Terrell Marshall Law Group negotiated $3.75 million settlement

Published in 2021 Washington Super Lawyers magazine

Pagliacci Pizza has agreed to a $3.75 million settlement in a class action filed by current and former drivers over allegations involving tips, delivery fees, mileage reimbursements and breaks.

Former Pagliacci driver Steven Burnett and more than 1,000 drivers were represented by plaintiff’s class action attorney Toby Marshall at Terrell Marshall Law Group, along with firm colleagues Blythe Chandler, a class action attorney, and employment litigator Erika Nusser.

The drivers claimed that the company kept 100% of delivery charges without informing customers for a period of time; required drivers to pool their tips and split them with kitchen staff; failed to allow adequate breaks; failed to properly reimburse mileage expenses; and deducted credit card-processing fees from tips.

Pagliacci attempted to enforce an arbitration provision in its employee handbook, but the state Supreme Court ruled against the company for reasons including the fact that Burnett was not notified of the provision before signing an employment contract. Chandler handled the argument before the Supreme Court.

Marshall’s team negotiated the settlement with Pagliacci on Jan. 26. It has received preliminary approval and is set for final court approval this summer.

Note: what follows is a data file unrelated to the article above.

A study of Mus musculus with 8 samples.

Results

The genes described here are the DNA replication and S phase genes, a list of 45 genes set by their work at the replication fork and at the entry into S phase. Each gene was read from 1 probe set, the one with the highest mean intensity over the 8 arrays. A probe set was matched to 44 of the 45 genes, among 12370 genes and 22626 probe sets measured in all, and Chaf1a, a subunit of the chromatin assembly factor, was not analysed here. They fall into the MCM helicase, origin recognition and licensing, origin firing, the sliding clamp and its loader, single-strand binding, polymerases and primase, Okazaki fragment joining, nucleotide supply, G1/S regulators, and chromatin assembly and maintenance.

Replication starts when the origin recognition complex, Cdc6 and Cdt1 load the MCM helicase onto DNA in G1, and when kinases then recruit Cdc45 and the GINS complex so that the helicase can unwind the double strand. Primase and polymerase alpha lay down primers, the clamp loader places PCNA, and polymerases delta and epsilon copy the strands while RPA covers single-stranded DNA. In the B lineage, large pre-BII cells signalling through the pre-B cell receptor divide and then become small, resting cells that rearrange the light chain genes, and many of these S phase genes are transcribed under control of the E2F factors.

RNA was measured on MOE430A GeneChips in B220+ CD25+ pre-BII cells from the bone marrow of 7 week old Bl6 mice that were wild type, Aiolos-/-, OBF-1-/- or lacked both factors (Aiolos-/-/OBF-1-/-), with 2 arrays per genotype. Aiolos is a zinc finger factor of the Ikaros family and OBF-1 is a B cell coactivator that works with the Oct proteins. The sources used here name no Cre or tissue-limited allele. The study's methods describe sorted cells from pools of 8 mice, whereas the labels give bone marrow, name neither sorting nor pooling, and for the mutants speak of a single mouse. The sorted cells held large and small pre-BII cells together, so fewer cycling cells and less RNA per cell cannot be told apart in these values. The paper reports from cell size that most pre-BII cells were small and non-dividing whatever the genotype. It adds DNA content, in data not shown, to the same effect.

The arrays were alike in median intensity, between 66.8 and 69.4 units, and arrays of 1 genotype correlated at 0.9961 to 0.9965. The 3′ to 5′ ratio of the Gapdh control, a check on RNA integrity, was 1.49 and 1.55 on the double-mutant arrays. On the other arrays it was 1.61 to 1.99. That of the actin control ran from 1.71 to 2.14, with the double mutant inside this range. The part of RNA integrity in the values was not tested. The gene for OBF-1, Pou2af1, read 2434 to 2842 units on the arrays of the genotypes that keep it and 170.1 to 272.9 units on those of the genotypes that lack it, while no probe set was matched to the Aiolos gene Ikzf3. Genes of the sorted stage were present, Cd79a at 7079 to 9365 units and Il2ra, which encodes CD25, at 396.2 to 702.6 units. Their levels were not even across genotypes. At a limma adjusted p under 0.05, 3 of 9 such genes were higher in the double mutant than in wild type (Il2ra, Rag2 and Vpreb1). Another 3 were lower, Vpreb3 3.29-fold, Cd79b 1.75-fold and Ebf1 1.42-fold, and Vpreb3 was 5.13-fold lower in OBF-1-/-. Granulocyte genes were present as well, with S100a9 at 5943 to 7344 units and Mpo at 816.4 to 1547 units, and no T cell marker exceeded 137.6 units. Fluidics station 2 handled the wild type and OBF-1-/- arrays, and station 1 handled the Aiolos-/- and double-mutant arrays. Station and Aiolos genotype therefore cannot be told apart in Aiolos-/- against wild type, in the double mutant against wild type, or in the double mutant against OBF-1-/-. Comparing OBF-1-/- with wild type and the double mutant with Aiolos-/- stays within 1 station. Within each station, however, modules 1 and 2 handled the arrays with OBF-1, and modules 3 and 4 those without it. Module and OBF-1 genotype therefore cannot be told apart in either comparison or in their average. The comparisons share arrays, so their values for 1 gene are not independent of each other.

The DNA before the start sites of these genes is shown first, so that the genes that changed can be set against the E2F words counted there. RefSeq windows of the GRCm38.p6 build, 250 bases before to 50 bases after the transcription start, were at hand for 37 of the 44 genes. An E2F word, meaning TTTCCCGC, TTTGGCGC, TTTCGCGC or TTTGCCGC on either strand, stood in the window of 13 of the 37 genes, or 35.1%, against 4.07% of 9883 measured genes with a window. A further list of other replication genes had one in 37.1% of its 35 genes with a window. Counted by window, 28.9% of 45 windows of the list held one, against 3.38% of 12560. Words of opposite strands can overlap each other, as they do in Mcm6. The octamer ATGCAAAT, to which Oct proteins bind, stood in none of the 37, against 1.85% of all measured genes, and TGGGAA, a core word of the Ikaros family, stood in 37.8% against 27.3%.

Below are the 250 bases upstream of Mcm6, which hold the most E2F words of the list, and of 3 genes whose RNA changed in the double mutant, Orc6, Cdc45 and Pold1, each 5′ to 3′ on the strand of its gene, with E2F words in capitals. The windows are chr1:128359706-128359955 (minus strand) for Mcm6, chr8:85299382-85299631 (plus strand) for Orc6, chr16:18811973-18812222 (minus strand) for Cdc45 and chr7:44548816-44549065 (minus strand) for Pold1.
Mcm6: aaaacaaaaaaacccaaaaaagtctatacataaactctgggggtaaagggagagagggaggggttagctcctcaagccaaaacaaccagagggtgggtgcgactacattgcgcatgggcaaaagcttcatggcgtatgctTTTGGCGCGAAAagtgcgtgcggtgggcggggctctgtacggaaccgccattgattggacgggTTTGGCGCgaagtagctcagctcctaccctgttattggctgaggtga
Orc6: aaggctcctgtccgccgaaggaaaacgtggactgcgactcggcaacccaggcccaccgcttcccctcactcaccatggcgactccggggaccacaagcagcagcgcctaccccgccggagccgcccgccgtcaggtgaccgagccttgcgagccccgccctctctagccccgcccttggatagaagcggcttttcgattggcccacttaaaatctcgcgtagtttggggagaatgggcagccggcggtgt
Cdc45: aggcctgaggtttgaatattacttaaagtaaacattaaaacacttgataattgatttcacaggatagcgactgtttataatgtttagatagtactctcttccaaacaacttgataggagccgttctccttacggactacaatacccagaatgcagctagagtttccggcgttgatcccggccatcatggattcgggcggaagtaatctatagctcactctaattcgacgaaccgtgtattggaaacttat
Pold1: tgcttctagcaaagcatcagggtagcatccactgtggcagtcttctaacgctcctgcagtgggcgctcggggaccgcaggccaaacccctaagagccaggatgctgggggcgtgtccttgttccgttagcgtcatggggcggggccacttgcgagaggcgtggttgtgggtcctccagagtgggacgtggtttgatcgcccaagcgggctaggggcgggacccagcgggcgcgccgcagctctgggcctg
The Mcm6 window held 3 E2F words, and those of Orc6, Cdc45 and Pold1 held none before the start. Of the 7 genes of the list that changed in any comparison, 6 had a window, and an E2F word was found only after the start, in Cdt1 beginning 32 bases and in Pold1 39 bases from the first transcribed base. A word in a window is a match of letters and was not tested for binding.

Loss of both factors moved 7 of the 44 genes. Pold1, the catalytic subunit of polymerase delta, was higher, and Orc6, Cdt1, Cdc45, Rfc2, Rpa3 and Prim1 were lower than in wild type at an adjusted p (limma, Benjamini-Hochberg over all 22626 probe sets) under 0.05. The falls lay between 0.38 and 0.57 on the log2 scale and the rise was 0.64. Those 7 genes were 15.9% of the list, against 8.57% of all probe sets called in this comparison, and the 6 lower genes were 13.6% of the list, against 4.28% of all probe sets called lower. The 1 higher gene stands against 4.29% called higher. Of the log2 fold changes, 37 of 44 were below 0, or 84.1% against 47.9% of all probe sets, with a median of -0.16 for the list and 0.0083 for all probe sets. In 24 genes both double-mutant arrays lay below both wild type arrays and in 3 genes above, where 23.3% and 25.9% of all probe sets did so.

“If final approval is granted on July 16, we expect checks will be sent to class members by the end of September,” Marshall says.

The amounts of the awards for each driver are based on data including their payroll information.  “The average award is currently estimated to be $2,776, and the highest award is $25,107,” Marshall says. “We have asked for a $5,000 service award for Mr. Burnett, which will be on top of his share of the net class fund.”

The damages are to be divided among the claim categories as: 45% for delivery charges; 21% for mileage reimbursement; 17% for tip-pooling; 9.5% for missed breaks; and 7.5% for deducted credit-card processing fees.

“The precedent we established in the Washington Supreme Court certainly has broader implications for employees and employers outside this case, as the court’s decision further clarifies how arbitration agreements must be presented to employees in order to be binding,” Marshall says. “And generally speaking, we think a settlement of this magnitude serves to notify other employers of the need to abide by wage-and-hour laws and thus protects employees more broadly.”